7 Buyer Persona Insights That Will Attract People To Your Business

Posted by Stacie Chalmers on 22-Jul-2015 10:00:00

business-people-sittingWhen I start developing buyer personas with my clients I ask them to fill in a worksheet of questions, to give me a greater insight into who we’re writing for, and why these people would be interested their product or service.

What I have come to learn over the years of creating buyer personas is that people still don’t fully understand how to tap into the important details of their buyer personas.

The answers I get are often high level, generic answers like: “make more money”, or “get their job done faster”.

These results are not specific enough to provide insight into what information buyers are looking for, and what marketers / content writers should be publishing.

So here are my 7 tips to ensure you create accurate buyer personas:

1. Get detailed

If you try to reach everyone with your content, people will think it’s not for them. You won’t stand out, it won’t resonate with people and you won’t get the results you were hoping for. So, identify one person and get very detailed on their company description, job title, responsibilities, how they measure success, what their frustrations and pain points are, and how you help.

2. Understand their unique benefit from buying your product or service

What is it they gain from buying from you? How does it help them succeed in their job? Use words they use. For example if you target manufacturers of windows. Rather than publishing an article titled: “Learn how manufacturers can optimise operations”, write, “How Window Manufacturers Can Increase Quantity and Quality”. It’s clear, and more specific. If you were someone in the window manufacturing business you would know this article is for you and how the information will benefit you.

3. Use words they use

Have conversations with people who are likely to buy from you. Ask open-ended questions and give them time to respond. Listen carefully to words they use to describe their job, responsibilities and painpoints.

4. Don’t use industry jargon

This is easy to do. I know I do this without realising. When you spend 8+ hours a day in your industry you get so used to certain industry terms you don’t realise that your buyers may not understand what those words mean. Or in some cases certain words can mean something completely different. I remember when I first introduced inbound marketing to a Chamber event in 2012. We had to go around the table and briefly explain what we did. I had been involved with inbound marketing since 2009 in the USA and was so excited to introduce myself as an inbound marketing consultant. I was sure everyone would be excited to learn more about inbound marketing as it has been so successful in the USA. But no one at my table knew what inbound marketing was. I had some one ask me if that meant I handled marketing for importers, as in inbound shipments.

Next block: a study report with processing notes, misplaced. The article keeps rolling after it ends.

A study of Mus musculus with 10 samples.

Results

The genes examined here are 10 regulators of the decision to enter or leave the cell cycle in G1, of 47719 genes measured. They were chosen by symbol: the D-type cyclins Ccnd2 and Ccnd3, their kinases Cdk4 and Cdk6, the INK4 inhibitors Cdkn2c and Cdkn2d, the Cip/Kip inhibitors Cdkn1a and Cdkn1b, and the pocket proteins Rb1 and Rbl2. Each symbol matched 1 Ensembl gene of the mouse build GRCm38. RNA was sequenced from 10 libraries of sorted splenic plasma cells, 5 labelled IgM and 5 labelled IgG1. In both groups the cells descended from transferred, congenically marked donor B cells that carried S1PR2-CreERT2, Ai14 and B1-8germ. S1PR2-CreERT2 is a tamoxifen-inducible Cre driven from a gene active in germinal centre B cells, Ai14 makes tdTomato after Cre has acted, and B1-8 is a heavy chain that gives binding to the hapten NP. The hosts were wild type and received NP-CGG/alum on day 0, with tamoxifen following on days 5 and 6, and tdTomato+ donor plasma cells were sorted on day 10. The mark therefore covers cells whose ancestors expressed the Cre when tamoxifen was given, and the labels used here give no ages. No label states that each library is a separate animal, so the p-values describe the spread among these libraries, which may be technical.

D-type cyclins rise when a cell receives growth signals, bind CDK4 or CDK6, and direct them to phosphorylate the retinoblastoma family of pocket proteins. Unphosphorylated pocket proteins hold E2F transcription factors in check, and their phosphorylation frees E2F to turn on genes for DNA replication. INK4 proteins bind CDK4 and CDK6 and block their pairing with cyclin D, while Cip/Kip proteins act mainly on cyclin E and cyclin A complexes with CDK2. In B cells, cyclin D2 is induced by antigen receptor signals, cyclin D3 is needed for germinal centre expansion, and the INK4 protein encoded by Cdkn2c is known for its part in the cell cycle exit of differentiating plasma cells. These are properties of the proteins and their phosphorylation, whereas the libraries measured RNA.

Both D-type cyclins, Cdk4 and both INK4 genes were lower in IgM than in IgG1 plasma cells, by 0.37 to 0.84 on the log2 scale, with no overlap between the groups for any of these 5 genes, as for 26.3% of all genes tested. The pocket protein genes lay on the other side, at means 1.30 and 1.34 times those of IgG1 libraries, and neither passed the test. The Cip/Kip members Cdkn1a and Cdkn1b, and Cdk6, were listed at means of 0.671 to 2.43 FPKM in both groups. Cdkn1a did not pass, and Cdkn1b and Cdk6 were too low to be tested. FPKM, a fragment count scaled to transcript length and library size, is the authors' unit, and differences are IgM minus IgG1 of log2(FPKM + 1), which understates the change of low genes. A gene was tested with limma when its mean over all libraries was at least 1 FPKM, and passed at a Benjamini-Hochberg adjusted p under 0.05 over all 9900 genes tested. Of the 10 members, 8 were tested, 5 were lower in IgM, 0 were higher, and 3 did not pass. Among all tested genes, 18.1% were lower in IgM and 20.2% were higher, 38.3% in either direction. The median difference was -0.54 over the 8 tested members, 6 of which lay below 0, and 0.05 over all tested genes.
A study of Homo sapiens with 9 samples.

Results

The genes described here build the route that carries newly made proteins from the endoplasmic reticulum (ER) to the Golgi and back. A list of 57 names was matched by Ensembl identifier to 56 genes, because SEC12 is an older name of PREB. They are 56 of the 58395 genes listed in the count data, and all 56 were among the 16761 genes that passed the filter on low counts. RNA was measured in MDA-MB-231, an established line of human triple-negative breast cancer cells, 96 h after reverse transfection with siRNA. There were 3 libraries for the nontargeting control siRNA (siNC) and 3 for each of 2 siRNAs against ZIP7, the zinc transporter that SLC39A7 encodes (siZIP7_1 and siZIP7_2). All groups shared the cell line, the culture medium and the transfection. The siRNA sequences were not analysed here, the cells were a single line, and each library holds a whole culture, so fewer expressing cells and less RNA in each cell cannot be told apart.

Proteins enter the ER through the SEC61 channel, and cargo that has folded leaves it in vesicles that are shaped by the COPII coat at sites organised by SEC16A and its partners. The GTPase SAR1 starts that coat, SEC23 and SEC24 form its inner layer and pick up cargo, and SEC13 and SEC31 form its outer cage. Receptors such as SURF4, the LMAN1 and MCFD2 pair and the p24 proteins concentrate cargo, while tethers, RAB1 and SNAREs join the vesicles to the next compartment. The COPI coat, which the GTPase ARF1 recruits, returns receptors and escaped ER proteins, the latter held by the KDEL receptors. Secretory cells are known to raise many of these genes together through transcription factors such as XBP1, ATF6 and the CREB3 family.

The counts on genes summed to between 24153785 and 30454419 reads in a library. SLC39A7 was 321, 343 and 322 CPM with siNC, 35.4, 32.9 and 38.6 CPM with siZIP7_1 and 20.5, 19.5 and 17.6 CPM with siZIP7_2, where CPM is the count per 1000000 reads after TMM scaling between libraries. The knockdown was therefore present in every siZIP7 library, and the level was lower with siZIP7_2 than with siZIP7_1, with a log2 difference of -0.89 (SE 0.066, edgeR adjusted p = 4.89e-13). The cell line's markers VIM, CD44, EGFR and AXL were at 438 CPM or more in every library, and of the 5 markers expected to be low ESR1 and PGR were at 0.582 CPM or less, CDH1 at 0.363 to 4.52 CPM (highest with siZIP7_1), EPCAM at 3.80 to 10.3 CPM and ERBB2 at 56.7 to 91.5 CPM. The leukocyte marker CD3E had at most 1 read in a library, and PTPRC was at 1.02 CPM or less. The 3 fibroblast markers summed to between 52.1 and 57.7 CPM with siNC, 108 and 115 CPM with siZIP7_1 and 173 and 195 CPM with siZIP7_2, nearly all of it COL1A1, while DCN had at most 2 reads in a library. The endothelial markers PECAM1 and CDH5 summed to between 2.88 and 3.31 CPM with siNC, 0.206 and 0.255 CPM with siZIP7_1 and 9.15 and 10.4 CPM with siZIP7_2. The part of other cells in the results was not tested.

5. Understand how their success is measured – specifically

Rather than using generic terms or statements like, make more products, improve productivity, or get more done with less. Be specific like “5 Ways window manufacturers can reduce cost per windows.”

6. Don’t try to be all things to all people

Identify one very specific person, who has a need you can help. This is tough because you feel like you’re excluding people who can and will buy from you. But you won’t. Start by identifying the one buyer persona who has a compelling need for your product – most likely to buy from you. Or a market that is lucrative and you want to increase your customer base in that area. Once you’ve published content for one specific person, it’s much easier to then repurpose that information for another buyer.

7. Understand their reasons for not buying

This is so important when publishing content and often something overlooked by marketers. We get so caught up on the reasons why and how wonderful our product or service is that we don’t understand what skeptical or confused customers may be feeling. They don’t know if they can trust you. They don’t understand your product like you do. They may be looking at cost, and not total cost of ownership so they think your solution is expensive compared to others. It may mean a change to their current processes that may seem too hard. There are so many reasons people won’t buy. To understand these reasons speak to your sales people and ask them to document all the pushbacks they get on a daily basis. Make sure these push-backs are all addressed in your content. An FAQ- Frequently Asked Questions - is a great place to list these questions with answers. I recommend my clients start writing FAQ articles, say one per month and once they have enough we create an FAQ page on their website link to the blog article for the answer.